Elderly patients 'helped to die to free up beds', warns doctor
NHS hospitals are using end-of-life care to help elderly patients to die because they are difficult to look after and take up valuable beds, a top doctor has warned.
|Professor Pullicino claims some patients put on the Liverpool Care Pathway could live longer.
8:15AM BST 20 Jun 2012
Professor Patrick Pullicino has claimed that doctors are using a care pathway designed to help make people's final days more comfortable as an equivalent to euthanasia.
The Liverpool Care Pathway (LCP) is used in hospitals for patients who are terminally ill or are expected to die imminently. Under the pathway, doctors can withdraw treatment, food and water while patients are heavily sedated.
Almost a third of patients - 130,000 - who die in hospital or under NHS care a year are on the LCP.
Professor Pullicino said he believed the LCP was being used as an "assisted death pathway" with patients placed on the LCP without clear evidence, according to the the Daily Mail.
The senior consultant at East Kent Hospitals told the Royal Society of Medicine he had personally intervened to have a 71-year-old man taken off the LCP and be treated successfully, despite claims he was expected to die within hours or days. He had arrived in hospital with pneumonia and epilepsy.
"I removed the patient from the LCP despite significant resistance," he said. "His seizures came under control and four weeks later he was discharged home to his family.
"The lack of evidence for initiating the Liverpool Care Pathway makes it an assisted death pathway rather than a care pathway."
Professor Pullicino said the 71-year-old man lived for another 14 months before he suffered pneumonia again and was admitted to a different hospital. He was put on the LCP and died five hours later.
"Very likely many elderly patients who could live substantially longer are being killed by the LCP. Patients are frequently put on the pathway without a proper analysis of their condition," he added.
"Predicting death in a time frame of three to four days, or even at any other specific time, is not possible scientifically. This determination in the LCP leads to a self-fulfilling prophecy.
"The personal views of the physician or other medical team members of perceived quality of life or low likelihood of a good outcome are probably central in putting a patient on the LCP."
He said those who went on to come off the LCP and live longer than expected were costly to the taxpayer because of the extra health care and support needed.
The LCP was developed as a template for health workers to make the last days of terminally ill patients comfortable.
The guidance recommends patients' on the pathway are regularly assessed, and they can be taken off the LCP if they are no longer close to death.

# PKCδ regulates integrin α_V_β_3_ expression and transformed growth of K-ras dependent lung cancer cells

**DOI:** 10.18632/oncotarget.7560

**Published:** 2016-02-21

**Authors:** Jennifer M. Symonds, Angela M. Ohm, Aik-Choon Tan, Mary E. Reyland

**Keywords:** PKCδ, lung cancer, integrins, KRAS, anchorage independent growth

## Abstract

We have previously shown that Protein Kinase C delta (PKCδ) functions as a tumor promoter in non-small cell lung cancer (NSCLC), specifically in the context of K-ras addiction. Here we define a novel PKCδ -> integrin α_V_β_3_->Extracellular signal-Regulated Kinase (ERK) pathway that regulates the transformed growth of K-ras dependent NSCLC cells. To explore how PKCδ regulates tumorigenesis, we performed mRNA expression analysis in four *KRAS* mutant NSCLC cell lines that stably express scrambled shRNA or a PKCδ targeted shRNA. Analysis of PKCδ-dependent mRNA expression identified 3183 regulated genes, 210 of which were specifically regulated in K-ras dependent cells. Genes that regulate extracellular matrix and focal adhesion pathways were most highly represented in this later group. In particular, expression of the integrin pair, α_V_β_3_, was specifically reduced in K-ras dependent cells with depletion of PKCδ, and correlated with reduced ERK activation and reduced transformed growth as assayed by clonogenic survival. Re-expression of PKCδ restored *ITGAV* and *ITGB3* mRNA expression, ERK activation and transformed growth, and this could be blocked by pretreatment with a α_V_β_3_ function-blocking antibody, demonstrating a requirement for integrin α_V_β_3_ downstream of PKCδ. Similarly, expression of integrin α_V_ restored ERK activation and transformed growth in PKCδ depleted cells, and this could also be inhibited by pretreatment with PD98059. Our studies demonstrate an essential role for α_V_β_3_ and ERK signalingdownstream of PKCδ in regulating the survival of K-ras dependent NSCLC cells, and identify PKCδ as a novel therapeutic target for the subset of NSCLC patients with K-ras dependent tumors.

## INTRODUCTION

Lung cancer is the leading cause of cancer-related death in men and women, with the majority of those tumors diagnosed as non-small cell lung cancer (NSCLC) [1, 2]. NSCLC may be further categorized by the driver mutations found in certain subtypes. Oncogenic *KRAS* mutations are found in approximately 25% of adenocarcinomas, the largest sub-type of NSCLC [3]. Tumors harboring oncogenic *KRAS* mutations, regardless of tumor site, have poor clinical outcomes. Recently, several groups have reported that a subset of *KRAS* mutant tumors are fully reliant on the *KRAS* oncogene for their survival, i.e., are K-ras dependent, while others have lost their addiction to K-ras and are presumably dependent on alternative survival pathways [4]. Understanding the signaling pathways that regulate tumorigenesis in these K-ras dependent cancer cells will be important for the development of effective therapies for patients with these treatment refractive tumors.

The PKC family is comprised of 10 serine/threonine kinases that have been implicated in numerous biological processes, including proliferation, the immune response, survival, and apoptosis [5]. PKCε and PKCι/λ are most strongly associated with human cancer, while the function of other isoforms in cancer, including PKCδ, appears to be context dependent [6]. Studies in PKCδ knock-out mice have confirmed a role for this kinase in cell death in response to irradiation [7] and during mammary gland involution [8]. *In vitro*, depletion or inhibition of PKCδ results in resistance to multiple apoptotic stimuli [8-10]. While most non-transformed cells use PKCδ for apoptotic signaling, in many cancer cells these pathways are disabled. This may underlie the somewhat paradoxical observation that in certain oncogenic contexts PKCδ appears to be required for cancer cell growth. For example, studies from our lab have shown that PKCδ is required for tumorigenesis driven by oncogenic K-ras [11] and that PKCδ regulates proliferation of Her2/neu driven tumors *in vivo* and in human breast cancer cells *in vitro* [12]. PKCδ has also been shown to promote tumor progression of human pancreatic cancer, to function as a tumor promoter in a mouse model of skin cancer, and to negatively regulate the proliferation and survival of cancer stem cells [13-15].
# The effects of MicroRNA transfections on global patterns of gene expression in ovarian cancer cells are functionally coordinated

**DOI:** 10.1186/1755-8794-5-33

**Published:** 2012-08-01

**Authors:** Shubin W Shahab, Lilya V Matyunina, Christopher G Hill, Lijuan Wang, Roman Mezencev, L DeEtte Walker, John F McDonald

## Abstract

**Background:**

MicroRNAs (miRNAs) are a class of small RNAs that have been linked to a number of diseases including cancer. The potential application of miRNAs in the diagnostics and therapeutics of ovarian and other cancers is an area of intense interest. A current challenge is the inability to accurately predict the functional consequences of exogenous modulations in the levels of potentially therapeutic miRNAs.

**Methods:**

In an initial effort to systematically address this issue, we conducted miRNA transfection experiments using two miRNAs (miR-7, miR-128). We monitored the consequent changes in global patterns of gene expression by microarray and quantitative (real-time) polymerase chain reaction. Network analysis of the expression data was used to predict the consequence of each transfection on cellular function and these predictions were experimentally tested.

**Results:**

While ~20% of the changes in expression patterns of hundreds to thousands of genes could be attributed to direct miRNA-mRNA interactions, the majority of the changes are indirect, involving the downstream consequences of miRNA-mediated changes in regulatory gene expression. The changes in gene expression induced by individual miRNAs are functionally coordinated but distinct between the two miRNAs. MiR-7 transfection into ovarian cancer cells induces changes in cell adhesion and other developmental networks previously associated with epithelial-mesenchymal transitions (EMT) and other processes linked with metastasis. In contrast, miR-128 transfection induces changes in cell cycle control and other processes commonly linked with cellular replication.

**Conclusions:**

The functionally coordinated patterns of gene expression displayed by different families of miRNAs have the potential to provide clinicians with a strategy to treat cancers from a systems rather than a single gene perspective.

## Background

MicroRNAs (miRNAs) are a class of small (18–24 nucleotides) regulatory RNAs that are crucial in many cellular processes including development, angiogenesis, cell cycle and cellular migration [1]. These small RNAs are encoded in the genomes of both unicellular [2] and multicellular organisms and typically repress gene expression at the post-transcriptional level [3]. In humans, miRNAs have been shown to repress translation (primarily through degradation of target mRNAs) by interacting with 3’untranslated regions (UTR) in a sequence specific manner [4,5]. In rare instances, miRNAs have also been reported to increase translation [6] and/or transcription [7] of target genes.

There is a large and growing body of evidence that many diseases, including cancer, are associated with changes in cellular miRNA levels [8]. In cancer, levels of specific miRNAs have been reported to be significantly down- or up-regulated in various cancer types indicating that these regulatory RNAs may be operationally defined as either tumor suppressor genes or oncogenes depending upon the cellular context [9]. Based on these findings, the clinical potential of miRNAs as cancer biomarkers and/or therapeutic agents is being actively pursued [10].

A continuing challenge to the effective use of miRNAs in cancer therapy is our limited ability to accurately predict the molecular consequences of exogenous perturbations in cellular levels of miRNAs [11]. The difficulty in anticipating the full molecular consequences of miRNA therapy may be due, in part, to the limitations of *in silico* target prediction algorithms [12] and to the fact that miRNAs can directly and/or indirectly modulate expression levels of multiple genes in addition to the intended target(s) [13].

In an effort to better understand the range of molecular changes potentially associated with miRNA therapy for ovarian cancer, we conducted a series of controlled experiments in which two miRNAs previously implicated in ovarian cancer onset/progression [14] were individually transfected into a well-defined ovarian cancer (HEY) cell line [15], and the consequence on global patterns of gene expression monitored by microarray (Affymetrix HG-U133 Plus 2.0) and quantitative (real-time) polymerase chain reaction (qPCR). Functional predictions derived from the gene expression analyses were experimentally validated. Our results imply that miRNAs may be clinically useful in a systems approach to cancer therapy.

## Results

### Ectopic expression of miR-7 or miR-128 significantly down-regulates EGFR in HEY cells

A Department of Health spokesman said: "The Liverpool Care Pathway is not euthanasia and we do not recognise these figures. The pathway is recommended by NICE and has overwhelming support from clinicians - at home and abroad - including the Royal College of Physicians.
"A patient's condition is monitored at least every four hours and if a patient improves, they are taken off the Liverpool Care Pathway and given whatever treatments best suit their new needs."
Those on the receiving end will take exception to the DOH view. The Telegraph also reported -
Doctors face ban on denying treatment to elderly
10:30PM BST 11 Jun 2012
Doctors and NHS managers will be banned by law from denying older patients treatment simply on the grounds of their age, ministers will announce.
Paul Burstow, the care minister, said the new law would ensure that health and care workers had the right attitude to help Britain’s ageing society.
“We know that older people are not always treated with the dignity and respect they deserve because of ageist attitudes – this will not be tolerated,” he said.
“Our population is ageing as more of us live longer. The challenge for the NHS is to look beyond a person’s date of birth and meet the needs of older people as individuals.”
Mr Burstow said he recently met an 84-year-old woman who was diagnosed with a leaking heart valve. When she asked to have the problem fixed, doctors said: “What are you bothered about, at your age?”
“This is exactly the kind of discrimination we want to rule out in the NHS,” said Mr Burstow.
The Telegraph article goes on -
For several years, NHS trusts have been under instruction not to allocate treatment solely on the basis of a patient’s age. But statistics suggest that older patients are still less likely to be treated than their younger counterparts.
Most notably -
Research in 2009 by the King’s Fund think tank found that older people had “differential access to services”, meaning that they waited longer than younger people in casualty departments and were less likely to be referred to intensive care or to have surgery following a traumatic injury.
The study also found that older people with cancer had less access to palliative care than younger counterparts. They were also examined and given less treatment than younger patients for conditions including heart disease and stroke.
The elderly have "less access to palliative care" the King's Fund has stated. It would appear that Ministers now recognise these discriminatory practices.
This is clearly at odds with the DOH sponsored Commissioning for Quality and Innovation (CQUIN) payments made to Trusts for setting in place LCP protocols. Instead of access to appropriate and adequate palliative care, the elderly are more likely to be placed on the LCP death pathway.
Perhaps this is not so at odds in consideration of necessary belt-tightening in a cash-strapped NHS that can ill afford recuperative care for someone already on the downhill slope of terminal old age!